Cancun,Q.R. – Environmental authorities estimate that the new sea-barriers are accumulating about 70 cubic meters of Sargasso per day.
To ensure seaweed-free beaches for the upcoming season, Berzunza Rafael Muñoz, secretary of Ecology and Environment, reported that the algae will be collected by boats and the cleaning of beaches will continue through the Temporary Employment Program.
“This degree of cleanup was a proposal for all three levels of government. Similar barriers like the ones we are using to stop the kelp have been used to contain oil spills. Then we will have the technical support of boats coupled with manual cleaning of the beach shores,” he said.
“The barriers we are using are supported by marine buoys. They are between 10 to 15 meters long and can connect to other buoys to cover more area. These particular barriers are designed to prevent trapping marine life.”
Muñoz Berzunza said there were other barrier proposals but they were rejected because they were prone to trapping marine species. He said this particular type of barrier is structured not to capture marine life.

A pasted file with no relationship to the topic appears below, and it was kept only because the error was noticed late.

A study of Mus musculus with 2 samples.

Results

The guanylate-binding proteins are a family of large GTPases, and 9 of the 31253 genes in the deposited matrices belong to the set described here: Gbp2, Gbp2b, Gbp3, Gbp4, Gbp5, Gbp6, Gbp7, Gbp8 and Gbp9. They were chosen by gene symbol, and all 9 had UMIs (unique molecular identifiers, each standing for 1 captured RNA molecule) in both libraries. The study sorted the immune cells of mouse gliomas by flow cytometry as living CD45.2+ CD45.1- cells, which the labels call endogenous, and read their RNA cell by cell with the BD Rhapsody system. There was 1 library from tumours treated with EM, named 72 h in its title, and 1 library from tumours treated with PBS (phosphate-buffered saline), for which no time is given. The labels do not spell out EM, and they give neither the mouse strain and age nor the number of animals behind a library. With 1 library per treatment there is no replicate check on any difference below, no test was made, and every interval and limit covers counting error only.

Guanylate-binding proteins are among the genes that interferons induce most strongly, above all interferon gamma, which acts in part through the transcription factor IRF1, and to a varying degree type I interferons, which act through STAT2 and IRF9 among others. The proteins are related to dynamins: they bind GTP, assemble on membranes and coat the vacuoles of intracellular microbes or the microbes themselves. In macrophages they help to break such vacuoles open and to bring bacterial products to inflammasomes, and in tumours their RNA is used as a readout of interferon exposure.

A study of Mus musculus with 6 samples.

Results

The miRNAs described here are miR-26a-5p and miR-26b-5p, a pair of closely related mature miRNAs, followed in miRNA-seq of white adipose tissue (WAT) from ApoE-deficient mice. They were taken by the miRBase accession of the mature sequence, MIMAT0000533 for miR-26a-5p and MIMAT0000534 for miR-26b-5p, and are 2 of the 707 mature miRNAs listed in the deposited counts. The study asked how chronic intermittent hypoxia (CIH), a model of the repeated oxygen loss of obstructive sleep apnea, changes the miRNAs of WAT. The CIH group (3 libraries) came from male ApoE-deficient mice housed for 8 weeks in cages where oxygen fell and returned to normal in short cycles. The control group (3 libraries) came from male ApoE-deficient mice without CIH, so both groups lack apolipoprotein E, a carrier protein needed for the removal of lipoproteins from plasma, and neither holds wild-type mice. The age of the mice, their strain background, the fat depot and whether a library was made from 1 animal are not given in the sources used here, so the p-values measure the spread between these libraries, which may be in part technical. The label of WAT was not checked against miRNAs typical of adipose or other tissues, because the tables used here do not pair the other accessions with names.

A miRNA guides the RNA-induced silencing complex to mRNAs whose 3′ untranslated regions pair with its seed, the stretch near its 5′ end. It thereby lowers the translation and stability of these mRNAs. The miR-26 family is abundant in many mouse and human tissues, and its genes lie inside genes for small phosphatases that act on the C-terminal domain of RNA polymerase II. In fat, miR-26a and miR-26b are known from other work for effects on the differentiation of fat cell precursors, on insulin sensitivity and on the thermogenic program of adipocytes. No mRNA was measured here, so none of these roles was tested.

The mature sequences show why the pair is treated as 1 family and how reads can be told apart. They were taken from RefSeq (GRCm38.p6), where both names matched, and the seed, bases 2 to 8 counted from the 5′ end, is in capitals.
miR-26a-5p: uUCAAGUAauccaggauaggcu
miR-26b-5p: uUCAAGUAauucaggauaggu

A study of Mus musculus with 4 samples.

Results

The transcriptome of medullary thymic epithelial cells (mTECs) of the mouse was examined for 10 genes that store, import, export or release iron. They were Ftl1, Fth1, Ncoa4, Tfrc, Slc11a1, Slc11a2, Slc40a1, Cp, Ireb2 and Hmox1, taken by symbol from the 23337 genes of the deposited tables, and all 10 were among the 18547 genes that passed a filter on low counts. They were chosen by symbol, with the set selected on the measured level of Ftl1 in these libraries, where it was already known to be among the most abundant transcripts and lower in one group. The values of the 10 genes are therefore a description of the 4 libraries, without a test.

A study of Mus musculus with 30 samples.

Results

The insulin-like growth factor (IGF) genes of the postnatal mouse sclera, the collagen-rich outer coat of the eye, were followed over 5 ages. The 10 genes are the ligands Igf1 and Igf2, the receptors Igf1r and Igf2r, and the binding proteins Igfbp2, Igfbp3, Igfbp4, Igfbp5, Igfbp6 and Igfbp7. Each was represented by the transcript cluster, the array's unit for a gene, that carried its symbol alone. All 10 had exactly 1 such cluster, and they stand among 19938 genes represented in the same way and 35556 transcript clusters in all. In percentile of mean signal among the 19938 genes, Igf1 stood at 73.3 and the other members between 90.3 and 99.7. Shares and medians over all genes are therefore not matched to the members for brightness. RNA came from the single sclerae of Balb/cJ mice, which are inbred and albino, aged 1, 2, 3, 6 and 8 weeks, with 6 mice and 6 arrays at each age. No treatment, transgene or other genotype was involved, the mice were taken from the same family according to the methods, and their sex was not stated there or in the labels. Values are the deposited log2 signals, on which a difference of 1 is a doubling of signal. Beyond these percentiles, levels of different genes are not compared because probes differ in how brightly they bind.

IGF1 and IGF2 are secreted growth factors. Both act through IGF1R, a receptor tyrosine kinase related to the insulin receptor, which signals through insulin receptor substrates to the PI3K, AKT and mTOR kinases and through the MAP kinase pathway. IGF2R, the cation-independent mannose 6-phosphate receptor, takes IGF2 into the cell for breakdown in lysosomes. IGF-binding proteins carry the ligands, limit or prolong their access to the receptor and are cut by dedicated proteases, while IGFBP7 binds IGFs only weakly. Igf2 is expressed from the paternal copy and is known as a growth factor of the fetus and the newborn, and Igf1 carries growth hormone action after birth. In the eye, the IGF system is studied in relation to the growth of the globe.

A report from the Secretariat of Agriculture, Livestock, Rural Development, Fisheries and Food showed that as of September 17, the barriers were already in place in seven municipalities of Quintana Roo and were already preventing about 70 cubic meters of seaweed from reaches the beaches each day.
The Secretariat of Environment and Natural Resources (Semarnat) reported their test area to contain the seaweed “is located at strategic points according to the morphology of each coastal town. The barriers include about 220 kilometers of coastline. The trapped algae is collected by special boats. This technology reduces the maximum possibility of capturing marine fauna associated with the algae as well as endangered turtles and fish.”
Authorities say that since this is a pilot project, they will not disclose the exact placement of the barriers. Semarnat said they have spent 65 million peso for the barriers and boats needed to control the Sargasso. The federal government has set 150 million peso aside to deal with the unwanted seaweed.